Saturday morning I tried to start the day off right by birding Jones Beach, the marvelous New York State park in Nassau County. Unfortunately for me, a thick fog had settled over the area and visibility was low, making birding a bit more difficult than usual. And it was a weird fog too; sometimes it was so thick I couldn’t see more than fifteen yards and sometimes it lifted enough to allow me to spot birds high in flight.

Either way though, there wasn’t much around at Jones Beach. The constant south winds that have kept temperatures unseasonably warm (in the 80’s) around the region have also kept the birds from migrating much. Sure, Yellow-rumped Warblers were plentiful but one can only look at the butterbutts so much before getting frustrated by the lack of warbler diversity.

Yellow-rumped Warbler

Yellow-rumped Warbler

Red-breasted Nuthatches, which have moved south earlier and in bigger numbers than usual, sounded off on their tin-horns while foraging in the pine trees in the median and occasional Palm Warblers relieved the monotony of Yellow-rumps. I actually missed a great shot of two Palm Warblers, one a yellow “eastern” and the other a white “western,” side-by-side on a branch. It would have been a perfect picture if I was a second faster. Instead, here is a look at one of the many Eastern Towhees that call from cover in the thick brush at Jones Beach, rarely showing themselves for the nature paparazzi.

Eastern Towhee

After about an hour of frustrating birding I came across a band of four other frustrated birders and joined forces with them, taking advantage of their expertise by looking at the third warbler species of the day for me, an amazingly dull Pine Warbler. It was so dull that I almost fell asleep looking at it.

I also pestered the local birders for information about if and where I might find a Whimbrel, a bird still missing from my New York State Big Year list, and the best location for now-migrating Nelson’s Sharp-tailed Sparrow. Then, while we were discussing pelagics, missed birds, and sundry other topics that arise when members of the field-glass fraternity congregate, a flock of House Sparrows flew by to great excitement from us after one birder shouted something about one of them. We spent the next twenty or so minutes looking at the flock.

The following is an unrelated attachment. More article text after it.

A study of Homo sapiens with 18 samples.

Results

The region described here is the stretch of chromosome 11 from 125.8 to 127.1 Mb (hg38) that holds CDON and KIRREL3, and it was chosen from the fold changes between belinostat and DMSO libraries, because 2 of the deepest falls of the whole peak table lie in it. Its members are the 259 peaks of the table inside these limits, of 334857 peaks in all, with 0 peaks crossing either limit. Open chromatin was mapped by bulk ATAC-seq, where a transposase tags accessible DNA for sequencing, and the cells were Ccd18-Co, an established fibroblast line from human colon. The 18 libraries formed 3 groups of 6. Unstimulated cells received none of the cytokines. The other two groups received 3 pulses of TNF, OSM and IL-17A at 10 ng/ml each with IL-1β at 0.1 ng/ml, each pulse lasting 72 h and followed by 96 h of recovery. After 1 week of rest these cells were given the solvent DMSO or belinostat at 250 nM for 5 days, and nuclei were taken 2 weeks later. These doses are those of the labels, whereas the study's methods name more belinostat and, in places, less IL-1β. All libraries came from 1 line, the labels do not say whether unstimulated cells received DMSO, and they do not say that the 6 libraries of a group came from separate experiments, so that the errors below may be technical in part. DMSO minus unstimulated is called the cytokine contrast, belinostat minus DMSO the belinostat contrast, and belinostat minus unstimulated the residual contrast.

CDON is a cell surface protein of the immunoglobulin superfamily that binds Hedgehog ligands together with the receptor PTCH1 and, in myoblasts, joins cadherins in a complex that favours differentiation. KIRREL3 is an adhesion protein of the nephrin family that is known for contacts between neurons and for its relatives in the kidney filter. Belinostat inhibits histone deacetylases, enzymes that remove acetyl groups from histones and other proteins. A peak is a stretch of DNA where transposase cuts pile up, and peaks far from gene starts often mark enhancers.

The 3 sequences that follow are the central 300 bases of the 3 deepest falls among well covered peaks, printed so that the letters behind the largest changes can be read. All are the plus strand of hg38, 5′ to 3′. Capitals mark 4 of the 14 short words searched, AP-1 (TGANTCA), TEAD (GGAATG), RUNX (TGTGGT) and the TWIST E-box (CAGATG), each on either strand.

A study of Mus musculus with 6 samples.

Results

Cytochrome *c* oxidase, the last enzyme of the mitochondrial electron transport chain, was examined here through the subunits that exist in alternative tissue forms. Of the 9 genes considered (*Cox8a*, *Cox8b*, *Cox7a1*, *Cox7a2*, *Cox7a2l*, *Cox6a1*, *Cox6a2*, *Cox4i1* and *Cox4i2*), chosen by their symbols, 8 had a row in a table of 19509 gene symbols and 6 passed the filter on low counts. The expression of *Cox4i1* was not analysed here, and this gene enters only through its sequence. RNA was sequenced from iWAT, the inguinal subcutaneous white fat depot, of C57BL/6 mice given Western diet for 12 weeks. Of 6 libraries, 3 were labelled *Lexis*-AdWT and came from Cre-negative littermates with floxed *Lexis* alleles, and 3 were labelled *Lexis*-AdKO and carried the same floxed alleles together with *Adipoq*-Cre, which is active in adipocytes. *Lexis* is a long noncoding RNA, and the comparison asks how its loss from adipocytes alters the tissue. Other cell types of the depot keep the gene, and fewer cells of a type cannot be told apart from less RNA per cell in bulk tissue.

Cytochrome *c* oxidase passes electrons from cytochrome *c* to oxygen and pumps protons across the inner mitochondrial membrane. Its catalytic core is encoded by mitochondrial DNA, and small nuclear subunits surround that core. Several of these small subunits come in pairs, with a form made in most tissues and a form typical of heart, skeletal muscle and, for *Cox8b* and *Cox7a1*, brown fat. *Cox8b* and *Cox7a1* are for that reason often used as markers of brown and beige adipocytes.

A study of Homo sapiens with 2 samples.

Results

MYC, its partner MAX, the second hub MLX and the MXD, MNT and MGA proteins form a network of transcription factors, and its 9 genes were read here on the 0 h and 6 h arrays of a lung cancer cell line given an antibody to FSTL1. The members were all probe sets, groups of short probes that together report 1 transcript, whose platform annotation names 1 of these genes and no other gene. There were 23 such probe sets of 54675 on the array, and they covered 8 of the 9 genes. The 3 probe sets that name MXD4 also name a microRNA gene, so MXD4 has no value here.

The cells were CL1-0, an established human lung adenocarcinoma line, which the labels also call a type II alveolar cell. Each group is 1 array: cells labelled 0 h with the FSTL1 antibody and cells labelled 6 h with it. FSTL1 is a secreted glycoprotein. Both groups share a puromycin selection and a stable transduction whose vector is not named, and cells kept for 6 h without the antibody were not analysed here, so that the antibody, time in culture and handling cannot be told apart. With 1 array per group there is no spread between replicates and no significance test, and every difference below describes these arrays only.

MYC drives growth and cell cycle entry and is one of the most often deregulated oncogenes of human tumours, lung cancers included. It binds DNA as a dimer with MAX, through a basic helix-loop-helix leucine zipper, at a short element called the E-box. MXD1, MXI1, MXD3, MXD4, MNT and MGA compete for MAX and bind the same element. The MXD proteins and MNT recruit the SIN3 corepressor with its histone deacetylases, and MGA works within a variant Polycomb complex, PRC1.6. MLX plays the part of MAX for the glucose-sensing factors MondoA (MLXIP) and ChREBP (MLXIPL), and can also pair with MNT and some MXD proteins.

Which one of these is not like the others?

wait, is that it?

Which one of these just doesn’t belong?

Why would what was at this point six birders spend so much time on such common birds? Well, one of them wasn’t common at all. In fact, for New York, it was decidedly uncommon, even rare. My second Dickcissel ever!

But it wasn’t even a year bird, because, after all, I’m on a big year and saw one a couple of weeks ago. And, to make matters worse, its plumage was even more dull than that of the aforementioned Pine Warbler. I don’t know if the fog had robbed everything of color or what but it was definitely a day for dull birds.

If you had a hard time finding the Dickcissel above I’ve made it easier in the picture below.

Dickcissel with House Sparrows

The dullest Dickcissel ever is on the top right.

After Jones Beach I was off in search of a Whimbrel, led by Sam, a local birder who I’ve birded with before, who was kind enough to show me the way to Cow Meadow Park and Preserve, the best location for Whimbrel in the area if they hadn’t all absconded to warmer climes…but you’ll have to wait until tomorrow to find out if I was successful or not!

Written by Corey
Corey is a New Yorker who lived most of his life in upstate New York but has lived in Queens since 2008. He's only been birding since 2005 but has garnered a respectable life list by birding whenever he wasn't working as a union representative or spending time with his family. He lives in Forest Hills with Daisy and Desmond Shearwater. His bird photographs have appeared on the Today Show, in Birding, Living Bird Magazine, Bird Watcher's Digest, and many other fine publications. He is also the author of the American Birding Association Field Guide to the Birds of New York.